Summer parenting of this girl

What is the summer drought? As a parent, you might be familiar with this term. The summer drought describes the period through summer vacation where kids get no education whatsoever. Teachers have often complained that when they do return to school, the whole class is back to square one. That’s a problem, particularly when you consider that we could be facing an extended drought this year due to the coronavirus. Some schools may not reopen until after the summer season is over. So, how can you cope with this and ensure that your children aren’t starved of knowledge? Let’s talk about summer parenting.

Contact their teachers

If you want to know one of the best ways to ensure that your kids are on the right track through the summer, make sure that you speak with their teachers directly. Find out where their weak and strong points are so you can focus on the key areas.

As well, you should also be exploring whether you can access the lesson plan that teachers would be running with right now. You can then incorporate some of this into the daily schedule, though don’t go overboard here.

Summer parenting: Use free resources

Did you know that you can access free teaching resources online? You can, and a lot of parents use this for homeschooling. Companies like Studentreasures Publishing provide various different resources for all the different years of school.

As such, no matter what stage your child is at, you’ll be able to access educational tools to support them. You might also want to explore whether you can create your own resources too. These can be based or built upon the free ones that you find online. Doing so will ensure that the activities remain fresh and exciting for kids.

Reporting back

One of the problems with kids learning from home is that you never know how much they are doing and whether they are absorbing the information. Passive learning can be an issue here because you can watch them read a book, but there’s no guarantee they are focusing enough to recall anything. They could be more concerned about when they next get to play on the PS4.

So, make sure that they are discussing what they have learned with you. Sit down, ask them questions, and try to get interested in what are their learning topics. If you are engaged, during the summer and whenever homeschooling as a parent, your child will be more likely to be engaged too. They’ll look forward to telling you what they learned.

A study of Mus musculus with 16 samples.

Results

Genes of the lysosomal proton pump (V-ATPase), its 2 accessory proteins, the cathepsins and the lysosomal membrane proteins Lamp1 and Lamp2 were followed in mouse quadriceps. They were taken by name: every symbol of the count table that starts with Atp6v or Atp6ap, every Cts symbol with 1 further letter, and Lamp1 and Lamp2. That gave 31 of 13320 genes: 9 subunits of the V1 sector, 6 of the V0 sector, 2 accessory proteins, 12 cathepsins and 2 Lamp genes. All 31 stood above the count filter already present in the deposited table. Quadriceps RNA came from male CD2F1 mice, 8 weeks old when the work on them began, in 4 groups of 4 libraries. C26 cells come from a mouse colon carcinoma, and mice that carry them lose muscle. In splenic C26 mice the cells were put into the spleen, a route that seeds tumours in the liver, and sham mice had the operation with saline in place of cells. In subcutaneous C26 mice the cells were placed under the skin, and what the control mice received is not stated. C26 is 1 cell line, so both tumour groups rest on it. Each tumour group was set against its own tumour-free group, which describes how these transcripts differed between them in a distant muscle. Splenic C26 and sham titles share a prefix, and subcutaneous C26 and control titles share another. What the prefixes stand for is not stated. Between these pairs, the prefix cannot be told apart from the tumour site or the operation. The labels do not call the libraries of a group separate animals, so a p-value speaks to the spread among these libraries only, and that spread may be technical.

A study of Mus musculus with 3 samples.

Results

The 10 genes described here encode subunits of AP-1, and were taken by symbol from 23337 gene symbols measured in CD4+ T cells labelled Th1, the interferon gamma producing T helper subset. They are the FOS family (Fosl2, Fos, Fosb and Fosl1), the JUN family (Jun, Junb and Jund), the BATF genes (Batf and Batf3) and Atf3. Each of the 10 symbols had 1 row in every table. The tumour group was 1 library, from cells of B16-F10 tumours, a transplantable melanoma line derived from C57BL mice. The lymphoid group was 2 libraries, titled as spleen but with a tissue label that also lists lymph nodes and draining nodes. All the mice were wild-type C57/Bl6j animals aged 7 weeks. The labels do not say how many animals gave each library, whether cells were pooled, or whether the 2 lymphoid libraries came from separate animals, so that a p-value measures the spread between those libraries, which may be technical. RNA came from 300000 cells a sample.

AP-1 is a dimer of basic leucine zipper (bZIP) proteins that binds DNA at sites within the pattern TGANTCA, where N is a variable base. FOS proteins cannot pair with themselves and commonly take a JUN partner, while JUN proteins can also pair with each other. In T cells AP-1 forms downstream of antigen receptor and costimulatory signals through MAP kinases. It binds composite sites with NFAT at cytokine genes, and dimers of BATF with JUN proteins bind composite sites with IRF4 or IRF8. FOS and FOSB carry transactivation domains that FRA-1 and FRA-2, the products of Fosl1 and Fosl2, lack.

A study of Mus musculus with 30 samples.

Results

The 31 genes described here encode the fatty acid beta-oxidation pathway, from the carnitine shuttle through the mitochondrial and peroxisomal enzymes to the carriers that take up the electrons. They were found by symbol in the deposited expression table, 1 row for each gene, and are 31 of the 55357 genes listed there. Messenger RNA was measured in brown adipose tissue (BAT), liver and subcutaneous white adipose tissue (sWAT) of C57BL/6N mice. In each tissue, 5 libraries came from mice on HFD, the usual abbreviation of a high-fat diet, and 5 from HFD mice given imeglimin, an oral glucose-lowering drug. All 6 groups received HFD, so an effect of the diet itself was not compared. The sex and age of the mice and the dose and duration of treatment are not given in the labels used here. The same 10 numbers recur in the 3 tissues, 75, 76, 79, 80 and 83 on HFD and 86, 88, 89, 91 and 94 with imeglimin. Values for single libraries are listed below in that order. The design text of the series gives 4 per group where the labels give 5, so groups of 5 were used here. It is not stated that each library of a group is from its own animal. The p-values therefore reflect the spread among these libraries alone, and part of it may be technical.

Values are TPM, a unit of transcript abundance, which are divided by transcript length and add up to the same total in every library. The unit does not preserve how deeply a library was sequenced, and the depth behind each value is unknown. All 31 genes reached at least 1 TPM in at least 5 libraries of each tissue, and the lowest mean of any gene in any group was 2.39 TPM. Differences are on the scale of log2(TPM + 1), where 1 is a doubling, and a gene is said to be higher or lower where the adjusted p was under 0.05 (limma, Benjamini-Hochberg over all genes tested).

Summer parenting involves setting goals

Finally, you need to make sure that you are setting goals that your children can obtain with their studies. It’s important that they have something that they can work towards and that they can essentially achieve. This will ensure that you can measure whether the activities that you have set out for them are proving to be useful.

Hopefully, this discussion helps you understand some of the best ways to keep young ones on the right track at home during these tough COVID-19 times. Remember, it’s important that you don’t overwhelm them with education; they still need time to have fun in the summer and enjoy the joy of being a kid.


Top photo credit: Photo by Pixabay from Pexels.

16 thoughts on “Summer parenting: How to get through the draught during COVID-19?”

    1. Indeed, a community focus is necessary, with proper guidance from health officials and government. Great feedback, Michael. Have a nice weekend too!

  1. Roberta Eaton Cheadle

    This is good advice but it is hard to implement. My boys tell me they need to relax during holidays and shouldn’t have to do school work or reading during this time. I force them both to read but it is a battle. I am glad we don’t have holidays of the length of your US summer holiday.

  2. petespringerauthor

    It’s one of the most difficult challenges education has ever faced. There are several schools in the CSU (California State University) system that have already announced that they will primarily be online in the fall. I’m guessing most elementary schools will try to reopen in the fall with modifications, but that is no sure bet now either.

    1. Yes, many schools will be online in the fall, which I think is good as safety is paramount. It certainly is a time unlike any other, and I have great admiration for how teachers are rising to meet demands like learning technology for online classes, virtual chats, and much more.